Loose Gravel's Avatar

    I'm designing a little electrical photo widget, but the battery door sometimes seizes to the case. It is one of these little threaded things that you take out with a coin. It has Al to Al threads and they can seize up tight and have to be drilled out. Not very handy. I'm thinking about using unplated brass, but I'm worried that the green may grow and seize it up, too.

    Will brass - aluminum threads seize?
    Should the brass be plated? With what?
    One part will always be aluminum. The other, the male thread, may change. It must be electrically conductive and easy to machine.

    Thanks for you help.

    -LG-
    Dave Parker's Avatar

    Dave

  3. #3
    Ole
    -- Ole Tjugen, Luddite Elitist
    Norway

  4. #4
    Loose Gravel's Avatar

    as I understand aluminum, it oxidizes in 10 milliseconds to aluminum oxide which is the same as sapphire. This is the problem with Al-Al threads is that a little dirt scrapes a little Al and whammie, they are one. The aluminum oxide is, however, so thin that it is still conductive.

    So, will the aluminum 'tarnish' be aluminum oxide or some cancerous corrosive mess?
    Dave Parker's Avatar

    Dave

  6. #6
    Loose Gravel's Avatar

    I remember now about aluminum wires in houses catching fire. The brass and copper connections must have eroded it.
    Ole

    as I understand aluminum, it oxidizes in 10 milliseconds to aluminum oxide which is the same as sapphire. This is the problem with Al-Al threads is that a little dirt scrapes a little Al and whammie, they are one. The aluminum oxide is, however, so thin that it is still conductive.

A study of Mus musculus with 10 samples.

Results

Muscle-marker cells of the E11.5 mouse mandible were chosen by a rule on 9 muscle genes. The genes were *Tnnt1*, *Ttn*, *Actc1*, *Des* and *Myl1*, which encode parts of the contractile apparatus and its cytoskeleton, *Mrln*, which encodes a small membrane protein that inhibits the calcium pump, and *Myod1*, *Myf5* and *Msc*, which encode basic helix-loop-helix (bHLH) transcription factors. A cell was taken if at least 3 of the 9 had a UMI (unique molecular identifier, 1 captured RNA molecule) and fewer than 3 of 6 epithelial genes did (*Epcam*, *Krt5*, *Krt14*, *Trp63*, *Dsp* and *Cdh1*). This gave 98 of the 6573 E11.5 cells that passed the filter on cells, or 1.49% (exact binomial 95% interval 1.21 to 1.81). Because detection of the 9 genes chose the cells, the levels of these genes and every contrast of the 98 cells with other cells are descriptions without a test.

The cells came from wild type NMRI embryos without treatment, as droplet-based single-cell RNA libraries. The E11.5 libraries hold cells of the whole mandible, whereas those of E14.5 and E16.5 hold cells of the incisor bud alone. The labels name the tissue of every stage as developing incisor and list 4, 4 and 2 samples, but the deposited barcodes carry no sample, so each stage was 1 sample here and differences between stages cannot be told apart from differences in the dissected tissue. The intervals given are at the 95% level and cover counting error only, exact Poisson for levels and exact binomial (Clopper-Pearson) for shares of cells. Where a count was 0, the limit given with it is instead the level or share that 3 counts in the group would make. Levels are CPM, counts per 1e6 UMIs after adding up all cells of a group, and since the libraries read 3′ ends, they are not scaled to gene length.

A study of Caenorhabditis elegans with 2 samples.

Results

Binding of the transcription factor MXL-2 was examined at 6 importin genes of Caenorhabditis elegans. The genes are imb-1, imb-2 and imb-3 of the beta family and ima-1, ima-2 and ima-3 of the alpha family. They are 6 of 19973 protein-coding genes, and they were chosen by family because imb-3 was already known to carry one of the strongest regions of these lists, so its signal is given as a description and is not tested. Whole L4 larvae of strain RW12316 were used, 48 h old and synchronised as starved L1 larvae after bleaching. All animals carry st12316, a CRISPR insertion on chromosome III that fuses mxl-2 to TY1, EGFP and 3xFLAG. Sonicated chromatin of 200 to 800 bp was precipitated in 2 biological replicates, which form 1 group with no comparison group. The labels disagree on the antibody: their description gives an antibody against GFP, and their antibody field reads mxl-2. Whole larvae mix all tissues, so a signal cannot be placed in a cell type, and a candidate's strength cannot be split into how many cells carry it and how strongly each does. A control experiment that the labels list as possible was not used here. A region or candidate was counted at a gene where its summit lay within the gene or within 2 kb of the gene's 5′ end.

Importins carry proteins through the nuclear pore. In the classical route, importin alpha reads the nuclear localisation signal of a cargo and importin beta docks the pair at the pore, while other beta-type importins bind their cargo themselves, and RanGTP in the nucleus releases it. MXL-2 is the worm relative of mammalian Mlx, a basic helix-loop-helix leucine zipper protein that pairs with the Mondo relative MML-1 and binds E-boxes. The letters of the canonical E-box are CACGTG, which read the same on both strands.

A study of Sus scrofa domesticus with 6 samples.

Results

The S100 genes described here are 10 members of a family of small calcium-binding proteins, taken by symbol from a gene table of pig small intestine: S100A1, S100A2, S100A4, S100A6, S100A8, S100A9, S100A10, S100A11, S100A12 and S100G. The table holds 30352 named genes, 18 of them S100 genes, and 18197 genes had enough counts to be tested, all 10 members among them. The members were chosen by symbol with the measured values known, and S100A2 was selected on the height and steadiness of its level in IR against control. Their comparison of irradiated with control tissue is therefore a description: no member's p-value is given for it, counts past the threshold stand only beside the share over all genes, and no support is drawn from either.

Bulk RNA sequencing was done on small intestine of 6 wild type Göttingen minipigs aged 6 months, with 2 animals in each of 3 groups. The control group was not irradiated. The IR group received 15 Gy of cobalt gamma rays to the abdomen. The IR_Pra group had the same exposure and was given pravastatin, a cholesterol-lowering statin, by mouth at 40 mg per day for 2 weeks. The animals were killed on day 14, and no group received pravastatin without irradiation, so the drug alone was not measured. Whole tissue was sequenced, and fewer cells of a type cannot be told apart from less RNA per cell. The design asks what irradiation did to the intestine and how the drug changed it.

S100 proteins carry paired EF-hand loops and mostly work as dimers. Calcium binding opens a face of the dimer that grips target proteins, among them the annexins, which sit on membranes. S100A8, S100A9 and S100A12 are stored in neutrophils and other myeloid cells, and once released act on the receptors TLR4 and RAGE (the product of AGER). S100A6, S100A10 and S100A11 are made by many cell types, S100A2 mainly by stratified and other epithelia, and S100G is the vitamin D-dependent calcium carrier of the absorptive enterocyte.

So, will the aluminum 'tarnish' be aluminum oxide or some cancerous corrosive mess?
    With two metals in contact, you get the electronegativity playing a role, which every boat owner knows intimately. Under dry conditions, nothing happens. But in wet (and especially if salty) conditions you get a buildup of a mixture of Al oxide, hydroxide, carbonate, sulfate, chloride, and god knows what. Anyway it's white, hygroscopic, and porous.

    Mating aluminium and brass is very common, and does not present a problem except in marine conditions. But as a boat-owner, I couldn't help mentioning it!
    -- Ole Tjugen, Luddite Elitist
    Norway

    I remember now about aluminum wires in houses catching fire. The brass and copper connections must have eroded it.
    The reason for the problem with aluminum house wiring is that aluminum oxide is an insulator. This prevents a resistence free connection from being made. Even if you should try to scrape the coating off it will immediately reform. Resistence at the connection points at outlets and switches caused heating which lead to fires. In contrast copper oxide is a conductor and does not have this problem.


    For a frictionless sliding surface you need two dissimilar metals. A very good choice is aluminum and brass. You will find this combination used extensively in the focusing mounts of lenses. BTW, brass is considered to be self lubricating.
    But two dissimilar metals can cause a galvanic series, they should be carefully chosen if they are dissimilar metals.
    For example, if you put gold (heavily cathodic) in contact with zinc (heavily anodic), you're going to have huge corrosion issues and the zinc is going to waste away to nothing.

    The issue with aluminum in household wiring is that it is very succeptable to fatigue and this can be caused by successive repeated electrical loads, and even just the physical sagging of the wire.

    I believe aluminum is now illegal to use in household wiring. In overhead lines, it has a steel inner core to provide structural stability and prevent the fatigue failure. This is ideal, as electrons flow on the outer ring of the metal, so the steel doesn't have to do any conductive work, just structural, and also the steel/aluminum pairing isn't too bad from the galvanic series point of view.